Government by elected representatives is the best system

In 1947 Winston Churchill said that “… democracy is the worst form of Government except for all those other forms that have been tried from time to time”. Churchill was talking about representative democracy, where we the voters choose people to make decisions for us. There are different kinds of democracy: such as the ancient city state of Athens where the whole voting population would gather to vote every time a decision was needed. But we prefer to elect people to make decisions about laws, government services and policies on our behalf. There are many different ways of electing people, and of these only one is the Gold Standard, the best system around: Proportional Representation by the Single Transferable Vote (PR-STV).

We live in an era of Government providing services that we all use every day: Transport services, roads, rail; Health services, hospitals and access to medical practitioners and medicines; Education services, schools, Universities. And many more. These services are provided by Governments that are set up in a range of different ways. They include:

  • Democracies, where the decision makers are elected by those that have the right to vote,
  • One party states, where decisions are made by a party structure, and
  • Military rule, where decisions are made by the leaders of the armed forces.

Democracy is considered to be the best of those systems, and the kind of democracy that applies around the world these days is based on the idea of electing representatives to make decisions on our behalf.

Back in the days of Ancient Athens, decisions were often made by a gathering of the voting public (which were all male, and all privileged, the large number of slaves and ‘guest workers’ not being allowed to attend!). In those days, Government did not provide anywhere near the range of services that Government provides today, and over time representative democracy has arisen to ensure that Government services are provided.

We need and want clean streets, good drainage and sewerage, police and emergency services to help when there is a problem, reliable electricity and gas services, reliable communication services by phone and internet and so on. These services may sometimes be provided by private companies, but the quality of access is overseen by Government. This access to services is something that most people regard as being to our considerable benefit.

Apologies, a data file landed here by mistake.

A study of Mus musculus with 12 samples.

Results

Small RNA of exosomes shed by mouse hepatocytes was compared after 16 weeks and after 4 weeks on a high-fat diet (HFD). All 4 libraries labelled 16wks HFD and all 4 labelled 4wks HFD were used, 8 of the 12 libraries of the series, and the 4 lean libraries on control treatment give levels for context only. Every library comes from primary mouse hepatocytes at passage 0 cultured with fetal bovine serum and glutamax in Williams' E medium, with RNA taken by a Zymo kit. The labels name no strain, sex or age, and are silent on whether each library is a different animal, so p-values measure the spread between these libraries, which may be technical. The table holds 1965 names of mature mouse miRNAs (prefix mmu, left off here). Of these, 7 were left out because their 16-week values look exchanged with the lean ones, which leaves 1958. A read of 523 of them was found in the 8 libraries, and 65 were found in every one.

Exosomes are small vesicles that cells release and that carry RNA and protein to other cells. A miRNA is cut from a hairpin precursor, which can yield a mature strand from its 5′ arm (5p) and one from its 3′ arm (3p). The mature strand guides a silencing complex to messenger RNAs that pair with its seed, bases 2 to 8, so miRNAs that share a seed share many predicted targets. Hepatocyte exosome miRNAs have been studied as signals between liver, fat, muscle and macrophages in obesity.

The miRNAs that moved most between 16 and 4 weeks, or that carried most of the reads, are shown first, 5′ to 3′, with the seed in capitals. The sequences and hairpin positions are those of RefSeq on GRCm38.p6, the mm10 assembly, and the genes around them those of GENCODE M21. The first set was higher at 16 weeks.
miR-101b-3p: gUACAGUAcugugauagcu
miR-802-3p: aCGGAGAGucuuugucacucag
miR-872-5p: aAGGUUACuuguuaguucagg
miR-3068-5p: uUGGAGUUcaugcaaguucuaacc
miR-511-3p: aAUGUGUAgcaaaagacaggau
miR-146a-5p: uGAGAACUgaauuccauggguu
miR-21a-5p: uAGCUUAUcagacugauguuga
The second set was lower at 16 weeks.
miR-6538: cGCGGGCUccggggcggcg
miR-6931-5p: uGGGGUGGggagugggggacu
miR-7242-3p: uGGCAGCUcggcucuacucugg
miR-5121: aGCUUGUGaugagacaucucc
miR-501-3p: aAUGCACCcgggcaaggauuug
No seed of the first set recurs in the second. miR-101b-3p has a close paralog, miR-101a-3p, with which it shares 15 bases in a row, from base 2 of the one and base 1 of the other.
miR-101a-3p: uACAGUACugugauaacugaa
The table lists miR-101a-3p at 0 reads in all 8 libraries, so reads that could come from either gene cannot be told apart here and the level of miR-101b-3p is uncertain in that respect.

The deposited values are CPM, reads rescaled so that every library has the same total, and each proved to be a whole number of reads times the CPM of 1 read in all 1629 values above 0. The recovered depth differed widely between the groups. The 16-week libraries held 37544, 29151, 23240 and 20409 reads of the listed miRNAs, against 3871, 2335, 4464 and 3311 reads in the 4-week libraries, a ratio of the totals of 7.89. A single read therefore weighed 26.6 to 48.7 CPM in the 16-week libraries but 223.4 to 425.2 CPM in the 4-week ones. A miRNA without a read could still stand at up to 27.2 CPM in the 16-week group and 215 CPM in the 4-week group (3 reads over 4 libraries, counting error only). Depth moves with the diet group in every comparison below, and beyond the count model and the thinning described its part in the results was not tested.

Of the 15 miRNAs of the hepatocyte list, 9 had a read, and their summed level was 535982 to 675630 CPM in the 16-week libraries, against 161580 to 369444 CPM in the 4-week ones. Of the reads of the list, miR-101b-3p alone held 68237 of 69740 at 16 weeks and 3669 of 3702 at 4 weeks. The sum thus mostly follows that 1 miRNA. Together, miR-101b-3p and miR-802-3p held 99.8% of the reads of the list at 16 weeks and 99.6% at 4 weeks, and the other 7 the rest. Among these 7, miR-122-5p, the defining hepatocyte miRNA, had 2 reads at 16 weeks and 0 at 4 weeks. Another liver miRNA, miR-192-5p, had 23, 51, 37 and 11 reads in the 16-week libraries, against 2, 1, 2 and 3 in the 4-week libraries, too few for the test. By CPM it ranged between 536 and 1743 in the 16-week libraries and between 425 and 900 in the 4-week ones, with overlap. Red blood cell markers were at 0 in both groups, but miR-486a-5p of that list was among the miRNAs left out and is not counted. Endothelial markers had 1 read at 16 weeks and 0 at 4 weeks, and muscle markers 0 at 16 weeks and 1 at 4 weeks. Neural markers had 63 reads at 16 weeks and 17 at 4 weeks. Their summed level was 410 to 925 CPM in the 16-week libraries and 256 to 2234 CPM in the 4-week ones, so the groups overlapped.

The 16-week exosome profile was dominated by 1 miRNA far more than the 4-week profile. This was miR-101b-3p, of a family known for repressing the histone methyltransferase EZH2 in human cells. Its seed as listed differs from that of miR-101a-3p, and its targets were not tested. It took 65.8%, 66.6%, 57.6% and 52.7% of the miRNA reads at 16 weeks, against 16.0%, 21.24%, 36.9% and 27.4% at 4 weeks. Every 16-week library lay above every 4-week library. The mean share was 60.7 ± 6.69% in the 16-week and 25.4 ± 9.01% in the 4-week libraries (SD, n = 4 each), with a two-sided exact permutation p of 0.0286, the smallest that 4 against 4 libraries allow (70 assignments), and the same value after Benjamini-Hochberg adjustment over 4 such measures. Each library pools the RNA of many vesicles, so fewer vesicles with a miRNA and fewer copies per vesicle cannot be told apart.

There will always be different views about what services Government should provide and how to pay for them. So in representative democracies, we have regular elections in which the voting public elect people to make those decisions. Should we raise additional funds via taxation to fund a National Disability Insurance Scheme, for example? In Australia we have decided to do this. Our elected representatives, our politicians, have the responsibility to make those decisions and we are the ones that give them that responsibility.

There are many ways to decide how those representations, the politicians, are elected. The Gold Standard – the very best system – is called Proportional Representation (Single Transferable Vote) (PR-STV). That’s a mouthful to pronounce, but what it means is that the representatives that serve in Parliament are

  • directly elected by our votes, by the ballots that we cast, and
  • represent the range of views in the community in the proportion that those views are held.

Another great feature of PR-STV is that well over 80% of voters end up being represented by someone that they voted for, either with their number [1]  vote, or by a subsequent preference. This is because votes are transferable, using a preferential system.